Atheist Group Objects to Muslim Prayer Spaces at University of Iowa

Facebook/University of Iowa Muslim Student Association
Facebook/University of Iowa Muslim Student Association

A litigious atheist organization known for its lawsuits challenging Christian prayer and symbols in public spaces and Bibles in public schools is now voicing objection to the designation of a Muslim prayer space at the University of Iowa (UI).

The Wisconsin-based Freedom from Religion Foundation (FFRF) says it is “questioning the appropriateness” of the two prayer rooms created primarily for male and female Muslim faculty and students at UI.

FFRF states in a press release:

The public university, located in Iowa City, has recently established two prayer rooms for its Muslim students. This is in addition to a longstanding university chapel that features a Latin cross. The presence of such religious venues on a public campus raises a number of issues.

By instituting areas that are exclusively used by specific religious groups such as Christians and Muslims, the University of Iowa is violating the Establishment Clause of the First Amendment, FFRF asserts. The organization is also concerned that the university is facilitating the discriminatory practice of gender segregation practiced in the Muslim prayer rooms.

“State-run colleges have a constitutional obligation to not endorse, advance, or aid religion,” FFRF staff attorney Patrick Elliott wrote in a letter to UI president Bruce Harreld.

He continued:

When a government entity like the University of Iowa creates prayer areas for specific religions and imposes religious rules upon students (removing shoes, segregating men and women), it has unconstitutionally entangled itself with religion. The university finds itself in a position where it must either sponsor and endorse the tenets of a religion by allowing it to impose religious rules, or dictate to religious students which tenets they are allowed to follow on university property.

“It will not be long before other groups start seeking prayer rooms of their own and the University will either have to provide those rooms or risk treating certain religious views unequally and violating the First Amendment,” Elliott added. “The best way for the university to ensure that it is not violating the constitutional rights of its students is for the university to refrain from designating permanent rooms or areas for religious purposes.”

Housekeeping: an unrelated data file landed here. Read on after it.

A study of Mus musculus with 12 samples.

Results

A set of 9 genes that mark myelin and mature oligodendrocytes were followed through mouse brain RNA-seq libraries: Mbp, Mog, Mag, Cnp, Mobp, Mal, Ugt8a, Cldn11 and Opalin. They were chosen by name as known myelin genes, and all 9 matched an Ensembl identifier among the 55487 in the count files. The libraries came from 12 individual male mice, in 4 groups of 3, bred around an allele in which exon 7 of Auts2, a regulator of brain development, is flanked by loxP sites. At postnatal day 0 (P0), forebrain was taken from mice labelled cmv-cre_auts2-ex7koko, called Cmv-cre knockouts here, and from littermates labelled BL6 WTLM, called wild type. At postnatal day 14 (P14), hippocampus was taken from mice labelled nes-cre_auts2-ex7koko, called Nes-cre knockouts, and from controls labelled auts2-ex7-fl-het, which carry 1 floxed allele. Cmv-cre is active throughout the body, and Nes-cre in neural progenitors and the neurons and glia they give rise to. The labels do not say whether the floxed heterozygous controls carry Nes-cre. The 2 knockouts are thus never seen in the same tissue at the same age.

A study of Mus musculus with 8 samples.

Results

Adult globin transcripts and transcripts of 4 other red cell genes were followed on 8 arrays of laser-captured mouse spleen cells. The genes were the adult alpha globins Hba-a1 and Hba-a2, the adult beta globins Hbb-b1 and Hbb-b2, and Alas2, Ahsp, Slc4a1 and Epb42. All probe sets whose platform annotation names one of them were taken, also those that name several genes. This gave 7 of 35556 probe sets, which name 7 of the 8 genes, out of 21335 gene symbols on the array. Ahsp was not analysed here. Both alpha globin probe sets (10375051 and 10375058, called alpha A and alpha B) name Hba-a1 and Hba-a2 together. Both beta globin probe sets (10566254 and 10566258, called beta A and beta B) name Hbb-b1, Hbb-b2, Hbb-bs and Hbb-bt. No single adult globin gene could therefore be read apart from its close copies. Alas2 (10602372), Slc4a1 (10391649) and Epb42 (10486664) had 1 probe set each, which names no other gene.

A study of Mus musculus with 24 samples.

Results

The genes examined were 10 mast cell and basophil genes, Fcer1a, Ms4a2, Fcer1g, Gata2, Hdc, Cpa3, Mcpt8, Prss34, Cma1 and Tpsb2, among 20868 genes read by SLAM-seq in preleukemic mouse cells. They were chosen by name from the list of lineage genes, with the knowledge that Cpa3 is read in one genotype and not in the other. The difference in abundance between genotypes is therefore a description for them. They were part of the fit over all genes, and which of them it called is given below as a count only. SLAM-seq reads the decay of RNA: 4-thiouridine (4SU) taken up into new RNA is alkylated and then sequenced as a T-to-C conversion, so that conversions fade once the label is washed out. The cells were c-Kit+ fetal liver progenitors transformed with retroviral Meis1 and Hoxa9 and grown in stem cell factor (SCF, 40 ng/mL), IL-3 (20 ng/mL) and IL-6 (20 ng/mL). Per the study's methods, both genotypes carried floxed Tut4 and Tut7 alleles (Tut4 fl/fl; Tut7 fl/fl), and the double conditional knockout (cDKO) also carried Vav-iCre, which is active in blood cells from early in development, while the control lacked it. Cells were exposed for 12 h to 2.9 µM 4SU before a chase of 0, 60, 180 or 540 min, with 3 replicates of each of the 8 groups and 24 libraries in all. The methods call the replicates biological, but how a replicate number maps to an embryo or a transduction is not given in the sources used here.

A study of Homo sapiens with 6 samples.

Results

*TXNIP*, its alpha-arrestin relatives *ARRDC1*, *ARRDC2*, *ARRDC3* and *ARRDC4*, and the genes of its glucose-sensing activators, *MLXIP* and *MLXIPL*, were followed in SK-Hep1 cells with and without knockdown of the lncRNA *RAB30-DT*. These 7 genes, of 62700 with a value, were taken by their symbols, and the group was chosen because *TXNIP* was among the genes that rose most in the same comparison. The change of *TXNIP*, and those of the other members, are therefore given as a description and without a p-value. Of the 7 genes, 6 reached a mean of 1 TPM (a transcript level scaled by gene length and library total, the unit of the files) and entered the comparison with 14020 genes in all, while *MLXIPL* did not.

FFRF regularly cites the Establishment Clause of the First Amendment as the basis for its complaints against any faith representations in public spaces, but Breitbart News legal editor Ken Klukowski asserts, “The Establishment Clause not only permits government to accommodate the diverse Faith’s found in America, it actually encourages, as the Supreme Court declared in its 1952 Zorach case.”

“Once again, FFRF seeks to perpetrate the myth that the Constitution requires the government to purge our public spaces of all references to faith,” Klukowski adds.

While FFRF is addressing its issues with “Christian iconography” at UI as well, it is clear the newly created Muslim prayer spaces that require separate rooms for men and women are the focus of its complaint at the school.

Though Tom Rocklin, UI’s vice president for student life, said the new prayer space may be used by other students, as well, in February he told the Iowa City Press-Citizen, “These rooms are certainly going to be used primarily by Muslim students.”

The school has dedicated two rooms of the Iowa Memorial Union as the prayer space for its growing Muslim student population, which is required to pray five times per day.

“We’ve had students who have tried to find empty rooms, I’ve even heard of a student using a stairwell so we did think this was a very important and necessary thing to respond to,” Dean of Students Lyn Redington said, according to CBS2Iowa. “The University of Iowa is a global, international institution, but we want all of our students to feel welcomed.”

“Normally when I’m on campus, I try to look for an empty room, which may be hard in the day with all these students or if I can’t find a room I’ll go to the top of a staircase and just pray there,” said Mohammed Ismail, a member of the Muslim Student Association (MSA).

The UI MSA posted an announcement on Facebook last month about the opening of the prayer space. It read, “For the first time, Muslim students at the University of Iowa have a safe place to pray on campus.”

The Investigative Project on Terrorism (IPT) observes that the MSA of the United States and Canada was incorporated in January 1963, when members of the Muslim Brotherhood came together at the University of Illinois Urbana-Champaign with the goal of “spreading Islam as students in North America.”

“Islamic extremism is on the rise on college and university campuses across the United States,” IPT states. “The spread of radical Islamism on campuses has proven to be an effective tool to garner support and gain legitimacy, exploiting the right of free association with academic institutions.”

IPT maintains that the Muslim Brotherhood-influenced MSA often uses college and university campuses to gain support through campaigns based on diversity and tolerance.

“International and domestic groups that advocate extremist or radical causes frequently host lectures and other events on campuses to shore up support and recruit members,” IPT states. “Indeed, universities are a fertile field for radicals searching for the next generation of activists and sympathizers.”

FFRF states it has 23,000 members across the country.